Wednesday, February 26, 2014

Telegraph Apparatus

Only $15.95 for a Vibroplex Bug? I'll take two!

From the 1945 Radio Shack catalog.

Thursday, February 20, 2014

WPX Mixed #400!

I just received LOTW confirmation from R5AJ, and with it my 400th prefix to qualify me for the WPX Mixed award. Until very recently I was completely unaware that I was even close; in fact I was unaware of how many prefixes were needed -- I simply never chased after prefixes in the same way I do DXCC countries. But I guess they just accumulate over time.

I doubt I'll apply for the award any time soon; I'll probably wait until I also qualify for the CW and SSB awards plus whatever other endorsements I can get at that time, then do it all at once. Next up: WPX CW -- just 54 needed to reach the needed 300 for that award. I'm already well past the required 160 prefixes required for the WPX Mixed North America endorsement.

Wednesday, February 19, 2014

2014 ARRL International DX Contest (CW)

I managed to squeeze in a few hours here and there over the weekend to make 290 contacts on 40m through 10m for 180 total multipliers and a score of 156,600 points. Since I knew this was just going to be a casual DX-chasing effort for me, I used the DX cluster and submitted as Single Op Unlimited.

Two all-time new countries (3B8VV in Tunisia and YJ0OU in Vanuatu) bring my DXCC Worked total to 179. I started the contest with 73 confirmed on CW; by Monday morning the total was at 98.

Both ionospheric and local conditions were pretty good during the test. There must have been some auroral activity; every signal I was hearing from northern Europe on Saturday morning had a distinct flutter, difficult to copy but at least there were signals making it over from that part of the world for a change. Never did manage to work Svalbard, though. Locally, for once the only noise to plague me this weekend was generated by the neighbor's dog and the infernal train.

Tuesday, February 18, 2014


From 6 confirmed on CW in June 2013 to DXCC eight months later! The 5J0R DXpedition to San Andres Island has the distinct honor of being my 100th confirmed DXCC entity on CW.

Saturday, February 8, 2014

In Which Your Humble Narrator Worked FT5ZM Amsterdam Island Against All Odds.

The FT5ZM DXpedition is without question the biggest operation since I've been back on the air. It stands at Number 5 on DX Magazine's Most Wanted list, so we knew it was going to draw some huge pileups, and with the pileups the flotsam and jetsam of ham radio that we get with every big DXpedition. And right from the start it was chaos. After a few days had yet to even hear FT5ZM, only the pileups and the jammers and tuners. I gave up all hope of working this one.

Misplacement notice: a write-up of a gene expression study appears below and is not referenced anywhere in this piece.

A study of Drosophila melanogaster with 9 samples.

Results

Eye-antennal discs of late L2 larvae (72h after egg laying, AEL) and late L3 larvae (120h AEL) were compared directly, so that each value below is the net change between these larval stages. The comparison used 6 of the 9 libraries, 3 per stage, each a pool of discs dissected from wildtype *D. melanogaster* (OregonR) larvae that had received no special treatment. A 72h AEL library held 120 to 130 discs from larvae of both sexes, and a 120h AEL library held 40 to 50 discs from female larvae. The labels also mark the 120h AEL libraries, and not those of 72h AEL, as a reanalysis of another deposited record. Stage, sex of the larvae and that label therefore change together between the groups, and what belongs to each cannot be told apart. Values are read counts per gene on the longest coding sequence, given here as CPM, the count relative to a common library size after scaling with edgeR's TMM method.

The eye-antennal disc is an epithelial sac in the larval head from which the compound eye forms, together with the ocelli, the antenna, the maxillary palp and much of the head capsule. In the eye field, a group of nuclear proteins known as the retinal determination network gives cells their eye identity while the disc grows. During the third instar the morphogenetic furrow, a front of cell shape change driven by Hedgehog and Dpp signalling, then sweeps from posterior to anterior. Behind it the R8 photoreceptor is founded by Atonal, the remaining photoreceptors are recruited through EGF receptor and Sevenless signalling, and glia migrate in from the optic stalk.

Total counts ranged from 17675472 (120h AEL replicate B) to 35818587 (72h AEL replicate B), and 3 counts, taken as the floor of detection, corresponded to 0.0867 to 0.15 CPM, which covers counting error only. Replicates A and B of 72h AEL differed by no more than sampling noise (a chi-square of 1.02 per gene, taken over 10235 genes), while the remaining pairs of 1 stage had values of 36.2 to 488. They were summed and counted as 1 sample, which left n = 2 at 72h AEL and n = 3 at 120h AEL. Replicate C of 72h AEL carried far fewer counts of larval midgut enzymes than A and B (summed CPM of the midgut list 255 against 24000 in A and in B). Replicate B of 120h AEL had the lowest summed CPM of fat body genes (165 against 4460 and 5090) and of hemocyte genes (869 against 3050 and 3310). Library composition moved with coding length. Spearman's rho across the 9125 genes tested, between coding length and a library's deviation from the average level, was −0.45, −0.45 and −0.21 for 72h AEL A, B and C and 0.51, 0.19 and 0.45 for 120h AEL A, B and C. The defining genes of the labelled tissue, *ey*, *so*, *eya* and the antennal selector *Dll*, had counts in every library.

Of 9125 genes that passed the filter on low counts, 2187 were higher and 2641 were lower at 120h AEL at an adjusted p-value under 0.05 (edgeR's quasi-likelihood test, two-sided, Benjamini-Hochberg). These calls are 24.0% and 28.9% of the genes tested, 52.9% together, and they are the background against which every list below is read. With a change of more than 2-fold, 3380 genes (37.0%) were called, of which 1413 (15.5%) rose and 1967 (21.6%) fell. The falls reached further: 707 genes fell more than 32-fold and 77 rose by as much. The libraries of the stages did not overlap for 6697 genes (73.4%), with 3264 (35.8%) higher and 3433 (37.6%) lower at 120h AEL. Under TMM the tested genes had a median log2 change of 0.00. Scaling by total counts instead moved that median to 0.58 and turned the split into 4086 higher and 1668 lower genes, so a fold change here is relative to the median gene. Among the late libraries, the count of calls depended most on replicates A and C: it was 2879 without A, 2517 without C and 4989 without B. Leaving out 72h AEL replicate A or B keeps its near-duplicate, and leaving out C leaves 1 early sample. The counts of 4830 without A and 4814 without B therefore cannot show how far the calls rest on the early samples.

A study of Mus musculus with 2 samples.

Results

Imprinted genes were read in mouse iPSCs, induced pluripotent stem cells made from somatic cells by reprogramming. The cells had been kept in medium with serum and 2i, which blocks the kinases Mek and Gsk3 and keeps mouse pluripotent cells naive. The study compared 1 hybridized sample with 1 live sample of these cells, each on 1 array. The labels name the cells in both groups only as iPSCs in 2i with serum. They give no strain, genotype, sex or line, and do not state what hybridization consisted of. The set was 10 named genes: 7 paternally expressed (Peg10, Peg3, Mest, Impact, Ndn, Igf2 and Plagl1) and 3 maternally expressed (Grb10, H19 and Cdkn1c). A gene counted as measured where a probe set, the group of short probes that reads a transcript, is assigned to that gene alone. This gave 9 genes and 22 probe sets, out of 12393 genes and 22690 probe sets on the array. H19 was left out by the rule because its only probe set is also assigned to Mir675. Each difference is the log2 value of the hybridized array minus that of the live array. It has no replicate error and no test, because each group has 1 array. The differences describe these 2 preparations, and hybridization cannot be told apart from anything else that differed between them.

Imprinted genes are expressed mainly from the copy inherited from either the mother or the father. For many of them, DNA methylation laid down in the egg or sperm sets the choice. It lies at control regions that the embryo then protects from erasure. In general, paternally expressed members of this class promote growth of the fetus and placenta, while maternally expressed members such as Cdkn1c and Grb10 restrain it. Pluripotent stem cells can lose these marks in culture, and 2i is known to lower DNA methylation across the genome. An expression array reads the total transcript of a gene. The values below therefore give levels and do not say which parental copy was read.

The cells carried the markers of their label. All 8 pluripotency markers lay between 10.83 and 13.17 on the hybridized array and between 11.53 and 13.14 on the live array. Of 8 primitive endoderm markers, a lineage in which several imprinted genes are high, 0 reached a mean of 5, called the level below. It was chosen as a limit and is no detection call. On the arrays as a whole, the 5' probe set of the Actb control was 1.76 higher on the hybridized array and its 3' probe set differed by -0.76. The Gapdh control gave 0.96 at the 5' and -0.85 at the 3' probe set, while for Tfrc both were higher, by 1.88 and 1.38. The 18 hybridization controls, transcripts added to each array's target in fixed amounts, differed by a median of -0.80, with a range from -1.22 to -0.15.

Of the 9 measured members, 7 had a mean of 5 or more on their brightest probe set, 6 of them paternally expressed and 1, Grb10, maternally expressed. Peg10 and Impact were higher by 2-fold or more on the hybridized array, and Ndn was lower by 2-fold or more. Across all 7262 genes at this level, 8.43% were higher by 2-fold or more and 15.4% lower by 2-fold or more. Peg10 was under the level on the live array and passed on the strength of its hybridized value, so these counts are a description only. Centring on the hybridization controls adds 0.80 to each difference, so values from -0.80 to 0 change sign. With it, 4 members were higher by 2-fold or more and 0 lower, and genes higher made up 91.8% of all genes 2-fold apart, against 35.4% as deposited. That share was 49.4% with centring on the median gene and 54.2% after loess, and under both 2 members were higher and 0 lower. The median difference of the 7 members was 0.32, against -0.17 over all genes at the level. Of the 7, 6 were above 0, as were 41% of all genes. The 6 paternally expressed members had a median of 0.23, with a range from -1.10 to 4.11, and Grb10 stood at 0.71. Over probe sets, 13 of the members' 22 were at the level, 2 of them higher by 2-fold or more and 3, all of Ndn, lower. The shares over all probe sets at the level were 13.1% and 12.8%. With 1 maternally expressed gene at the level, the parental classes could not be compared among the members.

Almost a week into the operation, KB2YAN texts me that he worked them on 30m CW. This gives me hope. The next night (03-Feb UTC) I work them on 17m CW. I think. Hard to tell, between their weak signal and the lids. Had to wait until the next ClubLog upload to be sure. This happened the next day, and I was in the log for 17m. Band #1 in the book!

The following night (04-Feb UTC), they were a bit stronger on 40m. Dropped my call a few dozen times before I heard it come back to me. I think. Same deal as before -- waiting for ClubLog. The next day... no ClubLog upload. I think they were trying to give me a stroke.

Later that evening (05-Feb) I get them on 30m CW. I think. A pattern here is developing. Work them, lie awake all night wondering if they got my call correct, praying for a quick ClubLog upload.

The afternoon of 05-Feb, ClubLog is updated and I'm in their log for 40m -- Band #2 in the book! -- but the last QSO uploaded was hours before my 30m QSO, so the wait for that one continues.

That evening (06-Feb UTC) around 0230 I decide to give 20m a try. The band is mostly dead... except for FT5ZM on 14023 and a few stations calling him up the dial. I find the lower edge of the pile, wait until I hear "FT5ZM UP NA", drop my call once and right away hear "WW2PT TU 599". No way. I send my call again and get "WW2PT WW2PT 599". Send my report, get a "TU", and sit there for a few minutes in disbelief. I'm running 500w to essentially a dummy load of an antenna and I just worked FT5ZM on the first call. I think. Meanwhile, another ClubLog upload confirms (so to speak) my 30m QSO the night before. Band #3 in the book!

Next afternoon, ClubLog is updated again and I'm in the log for 20m. Four bands in four days. I do the happy dance. At least in my head because I'm at work and they already think I'm strange.

So now (08-Feb @ 1700) I sit on 15m, the last band my antenna can tune well enough to let me use the amp, barely hearing FT5ZM in the noise. I may be too late to work them on a fifth band, but I plan on sitting on 21023 kHz hoping for propagation to improve, allowing one last chance to work Amsterdam Island before they pack it in.